Changing role of ‘You’ in ‘YouTube’

Changing role of ‘You’ in ‘YouTube’

Ever since the inception of YouTube, people have been extremely creative in finding applications of this user-friendly platform. Owing to its profound integration into our daily lives, its uses have emerged beyond the realm of entertainment. Today, YouTube is being used for everything from uploading user generated videos for sharing with family and friends, to advertising, blogging, sharing opinions, buying/selling and much more. YouTube recently decided to expand its content offerings and signed deals with CBS Broadcasting, Inc. (CBS) and MGM Worldwide Digital Media (MGM) to air full-length videos of TV shows and movies, respectively. The press release states that the new YouTube CBS Channel will include content from CBS Entertainment, CBS News, CBS Sports and Showtime Networks. Similarly, the MGM channel called ‘Impact’ will be focusing on classic movies and TV shows, with the exception of widely popular classic movies and Hollywood blockbusters. This move is being described by many as an attempt by Google to monetize YouTube to make money from its $1.65 Billion US investment.

With the emerging trends in the evolution of the Internet from a “text-web” to a “video web” , it appears that the Web has now reached the point where it is ready to deliver a TV-like immersive experience, with the added advantage of end-user participation. Richard Siklos, in his recent article, “Big media muscles in on the user-generated Web,” states that the trend of posting full length movies and advertising content online is logical. The convincing reasons behind this claim include the mass exodus of people from regular TV viewing to online resources due to the “on demand” nature of videos, and the difficulty of stealing the streamed content online.

In the recent YouTube deals, while the TV shows and the movies will be provided at no charge to users, there will be advertisements playing before, during and after the videos.  According to Michael Lynton, the chairman of Sony Pictures Entertainment, advertisers are mainly comfortable when they know both the content of the video that they will be associating their brands with, in addition to prior knowledge of when and where the videos will appear. Advertisers want trusted and brand-safe content with which to associate their products and UGC (user generated content) fails to guarantee any of these requirements. What will the future of UGC and Web 2.0. be?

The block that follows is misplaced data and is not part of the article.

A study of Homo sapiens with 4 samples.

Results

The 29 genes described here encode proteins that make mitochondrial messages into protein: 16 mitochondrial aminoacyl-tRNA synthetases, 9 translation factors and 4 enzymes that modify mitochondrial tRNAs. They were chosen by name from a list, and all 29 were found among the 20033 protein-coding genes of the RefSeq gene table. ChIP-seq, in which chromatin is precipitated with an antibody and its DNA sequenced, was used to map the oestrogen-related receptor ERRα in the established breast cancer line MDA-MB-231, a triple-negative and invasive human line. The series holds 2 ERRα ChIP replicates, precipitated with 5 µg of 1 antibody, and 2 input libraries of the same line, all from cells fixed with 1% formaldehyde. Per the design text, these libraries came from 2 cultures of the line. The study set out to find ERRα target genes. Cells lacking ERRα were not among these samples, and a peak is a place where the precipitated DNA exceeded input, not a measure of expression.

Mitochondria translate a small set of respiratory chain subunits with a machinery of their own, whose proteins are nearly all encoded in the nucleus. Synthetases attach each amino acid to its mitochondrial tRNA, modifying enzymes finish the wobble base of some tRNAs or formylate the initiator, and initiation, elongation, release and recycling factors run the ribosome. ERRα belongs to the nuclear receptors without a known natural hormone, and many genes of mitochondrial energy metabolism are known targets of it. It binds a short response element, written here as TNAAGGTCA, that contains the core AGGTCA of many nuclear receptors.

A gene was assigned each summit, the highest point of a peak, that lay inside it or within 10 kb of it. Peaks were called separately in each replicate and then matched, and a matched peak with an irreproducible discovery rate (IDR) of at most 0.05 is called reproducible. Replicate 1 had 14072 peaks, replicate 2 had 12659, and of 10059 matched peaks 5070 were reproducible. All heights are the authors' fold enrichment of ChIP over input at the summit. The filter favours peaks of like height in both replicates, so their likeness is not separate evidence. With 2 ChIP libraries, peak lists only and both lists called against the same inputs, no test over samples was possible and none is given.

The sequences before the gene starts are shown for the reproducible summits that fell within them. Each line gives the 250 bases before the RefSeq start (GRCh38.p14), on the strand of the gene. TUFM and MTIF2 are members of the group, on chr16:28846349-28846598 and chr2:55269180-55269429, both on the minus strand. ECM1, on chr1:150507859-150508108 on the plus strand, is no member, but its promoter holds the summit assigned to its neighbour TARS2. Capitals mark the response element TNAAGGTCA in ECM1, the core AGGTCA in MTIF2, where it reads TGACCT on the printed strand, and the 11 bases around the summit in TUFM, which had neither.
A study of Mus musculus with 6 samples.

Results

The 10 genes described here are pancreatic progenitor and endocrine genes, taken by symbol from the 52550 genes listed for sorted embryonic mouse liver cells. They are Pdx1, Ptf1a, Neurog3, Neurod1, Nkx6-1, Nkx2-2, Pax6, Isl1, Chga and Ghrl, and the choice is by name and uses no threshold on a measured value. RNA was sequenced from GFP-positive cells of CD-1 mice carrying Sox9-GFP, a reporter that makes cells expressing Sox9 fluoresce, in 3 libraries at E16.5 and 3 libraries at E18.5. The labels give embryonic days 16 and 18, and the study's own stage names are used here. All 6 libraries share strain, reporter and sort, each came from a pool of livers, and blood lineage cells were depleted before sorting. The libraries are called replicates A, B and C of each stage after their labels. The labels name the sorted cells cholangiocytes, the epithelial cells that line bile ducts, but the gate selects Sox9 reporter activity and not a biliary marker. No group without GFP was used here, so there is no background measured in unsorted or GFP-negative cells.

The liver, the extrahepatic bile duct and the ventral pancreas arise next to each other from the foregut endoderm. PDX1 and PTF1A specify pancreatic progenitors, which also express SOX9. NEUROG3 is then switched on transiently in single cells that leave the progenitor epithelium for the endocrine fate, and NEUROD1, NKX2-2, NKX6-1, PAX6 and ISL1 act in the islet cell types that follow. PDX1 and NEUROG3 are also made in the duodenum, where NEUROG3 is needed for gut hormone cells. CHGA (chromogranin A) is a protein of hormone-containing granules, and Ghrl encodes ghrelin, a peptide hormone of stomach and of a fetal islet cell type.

The term “Web 2.0”, coined by Dale Dougherty of O’Reilly Media in 2004, is now commonly used to refer to the changing trends in the use of Internet technology in order to “enhance creativity, communications, secure information sharing, collaboration and functionality of the web.” Some of the well-known “Web 2.0” companies, with applications commonly used in the fields of work and entertainment, include WordPress, Google Docs, Amazon Music, Digg, Skype and of course YouTube. The underlying characteristic of these “Web 2.0” companies is the incorporation of user interaction and feedback into their services, enabling them to harness this collective intelligence to significantly strengthen their services.

While the recent YouTube deals appear to be following some of the same successful formulas of user involvement in showing full-length videos, it has the potential to diverge from traditional “Web 2.0” on the question of who influences and regulates all of the content and data associated with these services. Up until now, this task has mainly been handled by users themselves, but now with the divergence of YouTube from a community approach to a more commercial one, there will be changes to this. With the future of online videos looking bright, with or without UGC, there exists a risk of imparting too much power to marketers, who might replace the users and the media companies, to alter the face of online videos into an advertising paradise.